A control model for object virtualization in supply chain management
Verdouw, C.N. ; Beulens, A.J.M. ; Reijers, H.A. ; Vorst, J.G.A.J. van der - \ 2015
Computers in Industry 68 (2015). - ISSN 0166-3615 - p. 116 - 131.
information-systems - intelligent products - science research - design science - internet - things - life - technology - framework - demand
Due to the emergence of the Internet of Things, supply chain control can increasingly be based on virtual objects instead of on the direct observation of physical objects. Object virtualization allows the decoupling of control activities from the handling and observing of physical products and resources. Moreover, virtual objects can be enriched with information that goes beyond human observation. This will allow for more advanced control capabilities, e.g. concerning tracking and tracing, quality monitoring and supply chain (re)planning. This paper proposes a control model for object virtualization in supply chain management, which is based on a multiple case study in the Dutch floriculture. It includes a typology of distinct mechanisms for object virtualization, which discerns reference objects and future projections next to the representation of real physical objects. The control model helps to define feasible redesign options for the virtualization of supply chain control. It is also of value as a basis to define the requirements for information systems that enable these redesign options.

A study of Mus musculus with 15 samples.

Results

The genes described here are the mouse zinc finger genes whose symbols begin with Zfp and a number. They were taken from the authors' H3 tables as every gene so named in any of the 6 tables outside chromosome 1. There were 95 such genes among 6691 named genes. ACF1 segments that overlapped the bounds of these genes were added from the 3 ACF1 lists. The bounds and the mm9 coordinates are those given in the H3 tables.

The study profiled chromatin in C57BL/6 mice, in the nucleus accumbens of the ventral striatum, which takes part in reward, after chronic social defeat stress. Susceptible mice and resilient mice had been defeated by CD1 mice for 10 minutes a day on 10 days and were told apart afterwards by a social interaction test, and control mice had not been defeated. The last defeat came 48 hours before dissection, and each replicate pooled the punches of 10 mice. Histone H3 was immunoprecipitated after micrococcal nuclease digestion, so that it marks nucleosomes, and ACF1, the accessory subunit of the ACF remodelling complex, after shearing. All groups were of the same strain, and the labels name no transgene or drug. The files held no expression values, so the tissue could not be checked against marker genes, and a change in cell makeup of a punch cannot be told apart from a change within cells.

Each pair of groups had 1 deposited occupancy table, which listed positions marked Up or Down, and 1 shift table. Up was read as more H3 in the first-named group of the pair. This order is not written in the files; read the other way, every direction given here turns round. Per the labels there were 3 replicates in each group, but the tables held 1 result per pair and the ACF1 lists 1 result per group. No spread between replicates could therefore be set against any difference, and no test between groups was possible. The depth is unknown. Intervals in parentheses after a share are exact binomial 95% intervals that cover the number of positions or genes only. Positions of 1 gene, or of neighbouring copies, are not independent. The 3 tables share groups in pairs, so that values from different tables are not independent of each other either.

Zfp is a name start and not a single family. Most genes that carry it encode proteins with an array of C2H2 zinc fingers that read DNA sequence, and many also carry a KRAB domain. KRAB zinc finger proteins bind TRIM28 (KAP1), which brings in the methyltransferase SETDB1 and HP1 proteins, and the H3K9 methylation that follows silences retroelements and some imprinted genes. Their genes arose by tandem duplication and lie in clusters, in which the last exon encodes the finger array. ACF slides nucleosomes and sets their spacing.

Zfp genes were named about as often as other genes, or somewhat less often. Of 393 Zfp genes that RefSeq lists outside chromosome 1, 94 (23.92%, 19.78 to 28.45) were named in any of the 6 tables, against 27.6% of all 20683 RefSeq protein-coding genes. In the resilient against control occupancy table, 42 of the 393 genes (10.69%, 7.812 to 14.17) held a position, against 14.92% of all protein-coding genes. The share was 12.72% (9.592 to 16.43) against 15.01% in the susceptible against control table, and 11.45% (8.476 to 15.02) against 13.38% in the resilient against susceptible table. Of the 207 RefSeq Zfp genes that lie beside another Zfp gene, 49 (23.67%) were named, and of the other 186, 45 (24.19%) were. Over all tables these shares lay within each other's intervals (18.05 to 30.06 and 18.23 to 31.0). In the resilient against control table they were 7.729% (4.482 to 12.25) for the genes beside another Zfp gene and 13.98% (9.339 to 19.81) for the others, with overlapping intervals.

A framework for modelling business processes in demand-driven supply chains
Verdouw, C.N. ; Beulens, A.J.M. ; Trienekens, J.H. ; Vorst, J.G.A.J. van der - \ 2011
Production Planning & Control 22 (2011)4. - ISSN 0953-7287 - p. 365 - 388.
operations management - information-systems - science research - design science - technology - organizations - opportunities - orientation - challenges - redesign
Demand-driven supply chains are highly dynamic networks of different participants with different allocations of business processes and different modes of control and coordination. Companies must be able to take part in multiple supply chain configurations concurrently and to switch rapidly to new or adjusted configurations. This imposes stringent demands on information systems and requires a modelling approach that (1) combines high-level models for supply chain design with detailed models for engineering the accompanying information systems and (2) enables rapid instantiation of specific supply chain configurations from a repository of standard building blocks. This article designs a process modelling framework that enhances such an approach. Building on the terminology and process definitions provided by the Supply Chain Operations Reference model, it models supply chain configurations as specific sets of transformations, control systems and coordination mechanisms. The designed modelling framework is applied in a case study in the Dutch flower industry.